Volvo next-generation EVs to get “emotional” names

At Volvo’s Tech Moment presentation last month, the company announced it would be ditching its XC, S and V alphanumeric naming convention in favour of “proper” monikers for its future models, which will all be fully electric. Its president and CEO Håkan Samuelsson has now provided an explanation for the move, per a report by Autocar.

Speaking to the publication, the Swedish executive said that Gothenburg wanted to move away from the unemotional engineering terms affixed to the back of cars today, in order to mark a new era for the company. “If you look at cars today, all of them are very ‘engineeredly’ named: XC, T8, all-wheel drive, double overhead cams. It’s all specification on the rear of many cars,” said Samuelsson.

“We’re talking about a totally new architecture, a new generation of born-electric, all-electric cars with central computing. It’s good and clear to mark that this is a new beginning, and that’s why we’re not going to have numbers and letters, an engineering type of name. We’re going to give them a name as you give a newborn child a name.”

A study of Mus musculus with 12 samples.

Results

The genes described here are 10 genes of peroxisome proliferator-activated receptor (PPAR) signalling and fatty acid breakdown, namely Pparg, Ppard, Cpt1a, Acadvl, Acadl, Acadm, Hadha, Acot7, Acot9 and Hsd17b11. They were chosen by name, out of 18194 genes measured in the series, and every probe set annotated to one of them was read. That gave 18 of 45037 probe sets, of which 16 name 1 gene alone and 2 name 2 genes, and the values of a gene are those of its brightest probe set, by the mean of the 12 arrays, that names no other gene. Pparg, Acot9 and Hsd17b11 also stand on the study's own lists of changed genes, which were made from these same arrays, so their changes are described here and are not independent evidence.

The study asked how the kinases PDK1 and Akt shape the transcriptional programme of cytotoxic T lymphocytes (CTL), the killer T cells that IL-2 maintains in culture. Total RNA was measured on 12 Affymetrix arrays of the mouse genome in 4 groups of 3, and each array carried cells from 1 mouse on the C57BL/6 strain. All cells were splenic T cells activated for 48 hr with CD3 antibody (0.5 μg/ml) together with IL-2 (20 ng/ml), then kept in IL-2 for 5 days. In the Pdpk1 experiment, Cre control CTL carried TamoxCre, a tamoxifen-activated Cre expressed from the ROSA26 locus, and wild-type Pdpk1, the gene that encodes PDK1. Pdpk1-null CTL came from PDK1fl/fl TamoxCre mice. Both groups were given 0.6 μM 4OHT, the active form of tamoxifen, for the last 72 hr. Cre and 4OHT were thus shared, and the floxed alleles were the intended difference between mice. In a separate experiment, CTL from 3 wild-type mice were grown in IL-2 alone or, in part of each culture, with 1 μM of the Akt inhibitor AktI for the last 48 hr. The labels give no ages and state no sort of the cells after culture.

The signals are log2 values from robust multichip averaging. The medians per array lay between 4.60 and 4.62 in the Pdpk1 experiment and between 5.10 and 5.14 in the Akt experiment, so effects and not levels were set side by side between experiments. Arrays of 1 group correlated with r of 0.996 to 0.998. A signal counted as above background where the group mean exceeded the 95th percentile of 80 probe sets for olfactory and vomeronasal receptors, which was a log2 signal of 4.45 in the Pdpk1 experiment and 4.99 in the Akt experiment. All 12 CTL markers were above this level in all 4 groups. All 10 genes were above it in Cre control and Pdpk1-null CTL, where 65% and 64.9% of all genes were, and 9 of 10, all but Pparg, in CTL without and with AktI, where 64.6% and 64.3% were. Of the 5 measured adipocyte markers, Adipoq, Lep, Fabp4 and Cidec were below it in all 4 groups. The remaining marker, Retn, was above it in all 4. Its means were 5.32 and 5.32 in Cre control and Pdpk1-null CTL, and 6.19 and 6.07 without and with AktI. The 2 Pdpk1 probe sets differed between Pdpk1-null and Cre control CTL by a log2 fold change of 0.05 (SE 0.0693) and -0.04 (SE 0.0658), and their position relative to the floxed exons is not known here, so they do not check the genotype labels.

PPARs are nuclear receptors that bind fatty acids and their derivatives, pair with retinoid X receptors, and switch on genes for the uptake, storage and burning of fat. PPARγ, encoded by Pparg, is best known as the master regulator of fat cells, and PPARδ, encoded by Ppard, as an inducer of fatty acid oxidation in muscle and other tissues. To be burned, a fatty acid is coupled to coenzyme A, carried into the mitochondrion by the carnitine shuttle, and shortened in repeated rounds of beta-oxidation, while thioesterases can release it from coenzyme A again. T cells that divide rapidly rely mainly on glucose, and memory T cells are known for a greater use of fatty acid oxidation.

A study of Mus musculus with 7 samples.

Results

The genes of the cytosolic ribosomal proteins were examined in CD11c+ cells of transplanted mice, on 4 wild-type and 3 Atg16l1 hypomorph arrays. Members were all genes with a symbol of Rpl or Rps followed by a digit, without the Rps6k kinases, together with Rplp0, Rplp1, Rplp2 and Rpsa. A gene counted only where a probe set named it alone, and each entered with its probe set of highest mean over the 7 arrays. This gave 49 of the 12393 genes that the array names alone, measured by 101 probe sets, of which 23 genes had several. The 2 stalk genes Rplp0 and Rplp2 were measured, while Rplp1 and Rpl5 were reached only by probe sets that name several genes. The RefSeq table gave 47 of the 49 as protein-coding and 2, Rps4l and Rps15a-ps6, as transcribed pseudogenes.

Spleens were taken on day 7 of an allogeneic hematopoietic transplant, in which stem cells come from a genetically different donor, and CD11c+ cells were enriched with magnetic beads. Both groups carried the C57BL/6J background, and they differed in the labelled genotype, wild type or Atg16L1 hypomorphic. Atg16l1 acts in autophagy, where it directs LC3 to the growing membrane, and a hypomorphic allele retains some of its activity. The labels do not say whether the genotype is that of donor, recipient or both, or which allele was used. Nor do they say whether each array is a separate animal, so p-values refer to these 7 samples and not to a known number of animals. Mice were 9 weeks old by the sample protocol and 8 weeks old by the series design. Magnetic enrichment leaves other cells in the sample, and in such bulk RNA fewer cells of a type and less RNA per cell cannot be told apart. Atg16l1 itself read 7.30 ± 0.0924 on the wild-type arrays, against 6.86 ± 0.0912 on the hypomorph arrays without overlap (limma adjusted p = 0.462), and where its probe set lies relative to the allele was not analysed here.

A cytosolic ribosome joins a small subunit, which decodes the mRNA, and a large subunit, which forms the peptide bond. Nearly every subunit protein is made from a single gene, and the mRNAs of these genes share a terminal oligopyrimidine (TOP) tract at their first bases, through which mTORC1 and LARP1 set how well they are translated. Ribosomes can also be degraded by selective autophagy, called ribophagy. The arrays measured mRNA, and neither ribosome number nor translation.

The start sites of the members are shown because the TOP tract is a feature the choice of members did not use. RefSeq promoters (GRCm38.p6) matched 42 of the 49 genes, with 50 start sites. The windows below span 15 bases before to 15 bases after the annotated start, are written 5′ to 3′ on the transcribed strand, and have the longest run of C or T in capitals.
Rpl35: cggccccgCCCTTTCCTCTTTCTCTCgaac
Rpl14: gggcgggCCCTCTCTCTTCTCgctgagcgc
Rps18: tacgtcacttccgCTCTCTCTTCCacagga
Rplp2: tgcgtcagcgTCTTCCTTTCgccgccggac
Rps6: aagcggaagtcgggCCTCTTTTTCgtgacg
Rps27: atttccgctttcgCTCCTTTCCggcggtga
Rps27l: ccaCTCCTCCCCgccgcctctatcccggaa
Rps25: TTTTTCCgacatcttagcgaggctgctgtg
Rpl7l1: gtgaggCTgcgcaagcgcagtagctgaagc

This tracks with Samuelsson’s remarks at the end of the June presentation, during which he said that future Volvo cars “will have a name, more like a child.” He also told Autocar that the name of the first next-gen car, a 2022 XC90 replacement previewed by the Concept Recharge during the same event, has yet to be finalised, adding that “we have a very interesting and creative discussion going on.”

While Volvo has generally stuck to numeric and alphanumeric names, the company has flirted with deviating from this practice in the past. The Duett was a ladder-frame wagon built in the 1950s and 1960s, while the popular 122 – which debuted the world’s first three-point seat belt – was known as the Amazon in Sweden.

Aside from a new name, the forthcoming flagship model will also debut a new, cleaner design language as seen on the Concept Recharge. With a new electric architecture set to free up any limitations posed by a conventional internal combustion engine and drivetrain, Volvo is promising a sleeker profile for better aerodynamics, as well as greater cabin space.

The car will also utilise the latest safety and in-car technologies, including a standard-fit roof-mounted lidar sensor and a new operating system developed in partnership with Google.